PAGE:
For all the beginner videographers out there, we’re here to help out with our Beginner Videography series! In this first installment, we’ll be discussing some beginner videography shots and variations to use as you become more confident with the camera. Shots are the building blocks of the story you are telling, so mastering them will help you further your craft. Let’s get started!
Beginner Videography Shots: Shot Types
Shots are important to create variety within videography, and there are many to choose from. The simplest three are wide, medium and close-up.
Wide shots are those in which the entire subject is visible (in human terms, from head to toe) as well as the background. These are often used to introduce settings by showing a shot of the settings (woods, beach, house etc), and are known as establishing shots.
Medium shots move in a little closer on the subject matter (in human terms, focusing from the waist up). These are common shots within movies.
Close-up shots fill the entire screen with the subject. An example of this would be a shot of somebody’s face or eyes. These are also called tight shots.
There are different variations of these shots, and by experimenting with these 3 shots, you will find variations that work for you. Don’t forget to use different angles and perspectives with your camera, as this will make your footage more interesting.
We would recommend practicing framing some shots with your smartphone before investing in more expensive camera equipment. That way, you’ll be ready to go when you have your camera ready!
Bonus Shots To Try
These basic shots will serve as building blocks which you can expand upon. After a while, you may want to move onto new ideas and more complex shot types. These can include:
- Shooting over a subject’s shoulder
- Filming close up shots of actions, such as washing up, turning a door handle etc
- Low and high angle shots
- Tilting your camera to convey distress (also known as a Dutch angle or tilt shot)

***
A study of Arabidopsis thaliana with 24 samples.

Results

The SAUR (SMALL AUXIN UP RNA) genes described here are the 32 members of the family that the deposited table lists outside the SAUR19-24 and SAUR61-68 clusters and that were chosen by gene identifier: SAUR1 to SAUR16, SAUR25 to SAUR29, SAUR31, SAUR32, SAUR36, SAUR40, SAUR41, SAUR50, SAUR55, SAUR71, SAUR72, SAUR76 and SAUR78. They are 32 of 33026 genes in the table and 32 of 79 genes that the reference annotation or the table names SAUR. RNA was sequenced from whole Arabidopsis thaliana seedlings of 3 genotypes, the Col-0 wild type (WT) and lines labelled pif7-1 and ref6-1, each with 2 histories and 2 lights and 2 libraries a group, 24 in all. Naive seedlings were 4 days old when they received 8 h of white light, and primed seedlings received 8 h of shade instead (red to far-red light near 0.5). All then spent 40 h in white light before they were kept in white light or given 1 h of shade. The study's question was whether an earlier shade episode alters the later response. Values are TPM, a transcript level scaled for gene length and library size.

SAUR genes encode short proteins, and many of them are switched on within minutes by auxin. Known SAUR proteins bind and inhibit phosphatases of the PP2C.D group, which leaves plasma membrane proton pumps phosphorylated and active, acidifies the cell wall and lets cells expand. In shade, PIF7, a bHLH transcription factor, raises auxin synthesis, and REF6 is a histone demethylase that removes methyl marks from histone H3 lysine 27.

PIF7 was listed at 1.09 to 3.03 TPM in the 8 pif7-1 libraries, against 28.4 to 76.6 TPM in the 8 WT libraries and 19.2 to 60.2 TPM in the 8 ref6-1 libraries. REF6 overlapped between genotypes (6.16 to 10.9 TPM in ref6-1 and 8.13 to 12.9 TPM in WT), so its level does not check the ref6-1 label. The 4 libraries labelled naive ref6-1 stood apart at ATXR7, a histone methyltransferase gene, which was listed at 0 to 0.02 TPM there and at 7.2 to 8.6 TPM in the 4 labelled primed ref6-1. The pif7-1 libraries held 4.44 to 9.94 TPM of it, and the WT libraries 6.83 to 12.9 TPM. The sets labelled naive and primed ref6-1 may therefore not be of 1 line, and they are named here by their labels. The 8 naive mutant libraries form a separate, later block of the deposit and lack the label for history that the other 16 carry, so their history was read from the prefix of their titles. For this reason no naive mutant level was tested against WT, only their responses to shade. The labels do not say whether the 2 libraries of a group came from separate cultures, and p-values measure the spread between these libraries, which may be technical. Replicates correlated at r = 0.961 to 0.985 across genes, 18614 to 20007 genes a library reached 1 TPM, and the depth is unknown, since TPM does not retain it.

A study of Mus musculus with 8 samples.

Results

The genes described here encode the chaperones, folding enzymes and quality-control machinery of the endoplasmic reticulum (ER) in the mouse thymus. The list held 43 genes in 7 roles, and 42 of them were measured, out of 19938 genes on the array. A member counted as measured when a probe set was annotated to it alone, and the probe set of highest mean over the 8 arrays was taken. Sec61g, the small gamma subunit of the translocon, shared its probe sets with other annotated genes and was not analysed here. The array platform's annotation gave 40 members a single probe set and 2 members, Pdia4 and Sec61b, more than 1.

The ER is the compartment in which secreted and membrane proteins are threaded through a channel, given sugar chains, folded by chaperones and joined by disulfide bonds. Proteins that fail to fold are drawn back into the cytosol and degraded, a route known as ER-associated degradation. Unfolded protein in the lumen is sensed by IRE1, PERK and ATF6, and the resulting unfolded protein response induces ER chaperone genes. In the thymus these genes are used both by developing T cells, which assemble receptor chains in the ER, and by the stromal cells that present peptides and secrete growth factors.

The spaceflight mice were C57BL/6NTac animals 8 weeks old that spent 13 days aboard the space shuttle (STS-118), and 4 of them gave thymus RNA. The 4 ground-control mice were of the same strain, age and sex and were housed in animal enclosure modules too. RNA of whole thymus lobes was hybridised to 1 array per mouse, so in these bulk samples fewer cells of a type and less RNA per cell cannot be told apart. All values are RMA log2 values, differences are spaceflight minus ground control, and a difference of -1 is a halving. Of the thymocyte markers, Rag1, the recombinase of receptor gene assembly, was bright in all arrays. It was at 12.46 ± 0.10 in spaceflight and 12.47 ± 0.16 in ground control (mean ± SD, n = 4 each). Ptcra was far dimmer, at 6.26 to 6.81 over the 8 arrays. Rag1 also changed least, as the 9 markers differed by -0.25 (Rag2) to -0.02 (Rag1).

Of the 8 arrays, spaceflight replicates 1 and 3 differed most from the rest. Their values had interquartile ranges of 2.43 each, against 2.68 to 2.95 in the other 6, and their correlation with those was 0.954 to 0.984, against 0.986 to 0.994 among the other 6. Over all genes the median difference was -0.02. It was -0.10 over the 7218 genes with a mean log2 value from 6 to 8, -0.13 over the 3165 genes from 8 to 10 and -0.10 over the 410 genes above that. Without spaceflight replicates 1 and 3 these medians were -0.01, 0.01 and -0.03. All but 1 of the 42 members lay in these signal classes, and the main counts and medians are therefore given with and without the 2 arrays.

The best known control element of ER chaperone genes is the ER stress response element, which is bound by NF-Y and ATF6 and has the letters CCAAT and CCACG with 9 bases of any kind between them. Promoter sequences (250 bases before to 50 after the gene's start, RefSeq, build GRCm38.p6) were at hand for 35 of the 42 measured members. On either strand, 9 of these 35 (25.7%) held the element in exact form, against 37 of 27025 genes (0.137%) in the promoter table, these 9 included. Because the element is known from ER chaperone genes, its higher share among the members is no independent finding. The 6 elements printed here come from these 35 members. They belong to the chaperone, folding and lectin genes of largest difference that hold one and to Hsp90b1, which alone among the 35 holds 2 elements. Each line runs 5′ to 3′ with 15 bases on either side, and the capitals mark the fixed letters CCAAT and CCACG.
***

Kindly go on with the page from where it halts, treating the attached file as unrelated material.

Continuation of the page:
- Aerial shots using drones
Practicing camera movements is essential! Constantly using a tripod won’t make for an exciting sequence of shots, and will have zero personal touch. If you know the scenes you intend to film, note down a shot list of what would work best for each.
Shot Composition & Framing
Shot composition refers to the way in which people or objects are arranged in the frame. The arrangement can help you to tell a story, create an aesthetically appealing piece of media and translate your ideas.
The most important concept is the rule of thirds. For this, imagine two evenly spaced horizontal and vertical lines across your frame. You should place your object at the intersection of these lines. You can practice composition with your smartphone first. If you have videography equipment such as a DSLR camera, focusing attention on your subject’s eyes is important for your audience.
Beginner Videography Shots: Top Tips
- A camera sequence that works great is a wide shot moving into a medium shot and concluding with two or three close-ups. Bear this in mind when editing!
- Now that you have the shots, try physically moving around with the camera to make your footage more visually interesting
- You can never have too many shots! In the editing process, it’s important to have lots of choice!
How Audiosocket Can Help
This article is all about creating great video content, and that’s where we can help! With your movies, advertisements, YouTube videos or vlogs, it’s never too early to start looking for additional elements such as music.
If you are looking for authentic, top-quality music for your project, why not check out Audiosocket? Your content deserves the best, so sign up today and access 85,000+ songs to bring your vision to life! You can access Audiosocket’s music catalog for just $15 a month as a Personal creator. Not only that, but this allows you to license an unlimited number of tracks at no additional cost. Talk about win-win!